BEND — Days after putting up a billboard, the city of Bend agreed to take it down. City officials chose the image to advertise an online survey about transportation priorities, but some people got a very different message.
The billboard shows a covered wagon drawn by a white horse.
“Traveling East to West still tough?” it asks — a reference to white settlers moving into the American West.
At this week’s city council meeting, several people showed up to explain why they found the imagery offensive.
Sareli Beltrán said ad campaigns like this one “remind communities like mine of how naive, ignorant, and oblivious the dominant culture of this city remains. And how equity is just a performance in government spaces.”
“The fact that November is Native American history month makes this campaign theme more charged,” Beltrán added.
Joanne Mina told the council: “When we tell a history that is incomplete, we are lying to ourselves.”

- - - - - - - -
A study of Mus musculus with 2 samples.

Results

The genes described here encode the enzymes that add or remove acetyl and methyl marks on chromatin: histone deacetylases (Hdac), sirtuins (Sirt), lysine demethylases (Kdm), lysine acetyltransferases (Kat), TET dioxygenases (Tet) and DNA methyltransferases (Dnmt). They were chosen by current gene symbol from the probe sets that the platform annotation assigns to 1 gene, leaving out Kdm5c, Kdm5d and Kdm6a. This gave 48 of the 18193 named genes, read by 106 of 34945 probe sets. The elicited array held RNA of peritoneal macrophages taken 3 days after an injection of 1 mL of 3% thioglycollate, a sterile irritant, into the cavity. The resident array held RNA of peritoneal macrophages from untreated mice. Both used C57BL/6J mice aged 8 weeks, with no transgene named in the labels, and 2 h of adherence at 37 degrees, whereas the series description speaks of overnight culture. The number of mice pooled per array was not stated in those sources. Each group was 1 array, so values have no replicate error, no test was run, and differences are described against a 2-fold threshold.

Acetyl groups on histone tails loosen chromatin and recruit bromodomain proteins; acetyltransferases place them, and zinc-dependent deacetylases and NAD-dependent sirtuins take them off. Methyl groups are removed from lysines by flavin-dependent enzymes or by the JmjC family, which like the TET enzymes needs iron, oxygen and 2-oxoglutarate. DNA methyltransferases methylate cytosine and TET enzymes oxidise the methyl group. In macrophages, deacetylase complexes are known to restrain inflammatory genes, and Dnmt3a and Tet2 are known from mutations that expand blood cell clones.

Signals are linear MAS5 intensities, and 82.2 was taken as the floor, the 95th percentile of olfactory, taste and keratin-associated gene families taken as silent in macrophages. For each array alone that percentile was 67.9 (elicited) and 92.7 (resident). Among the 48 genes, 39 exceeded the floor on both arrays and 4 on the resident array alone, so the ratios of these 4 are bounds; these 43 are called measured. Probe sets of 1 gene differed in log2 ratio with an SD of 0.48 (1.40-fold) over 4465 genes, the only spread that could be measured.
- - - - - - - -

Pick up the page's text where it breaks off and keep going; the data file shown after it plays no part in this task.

Mina used her 90 seconds at the podium, the time allowed for each public commenter, to drop a brief, but dense history of how 19th century laws gave property to those white settlers arriving in covered wagons, while dispossessing Native Americans.
“Why do I say all this? Because wounds cannot heal if the wounding keeps happening. And it’s not city council, it’s not our city manager, it’s not one individual. It’s all of us collectively,” Mina said, and asked the city council to acknowledge its mistake, “so you can create trust.”
Bend Mayor Sally Russell thanked them for coming.
“And even if we may have made an unintended error in your eyes, I’m happy to learn about it, and I’d like you to know that we have taken steps to fix it,” Russell said.
The image of the wagon has been removed from the city’s online transportation survey. Bend spokeswoman Anne Aurand said the billboard will be replaced, but didn’t give a date.
The city spent about $2,500 to rent the sign on Southeast Wilson Avenue and Ninth Street for two months.
The other side of the same billboard promotes an opioid abuse prevention effort by the Confederated Tribes of Warm Springs.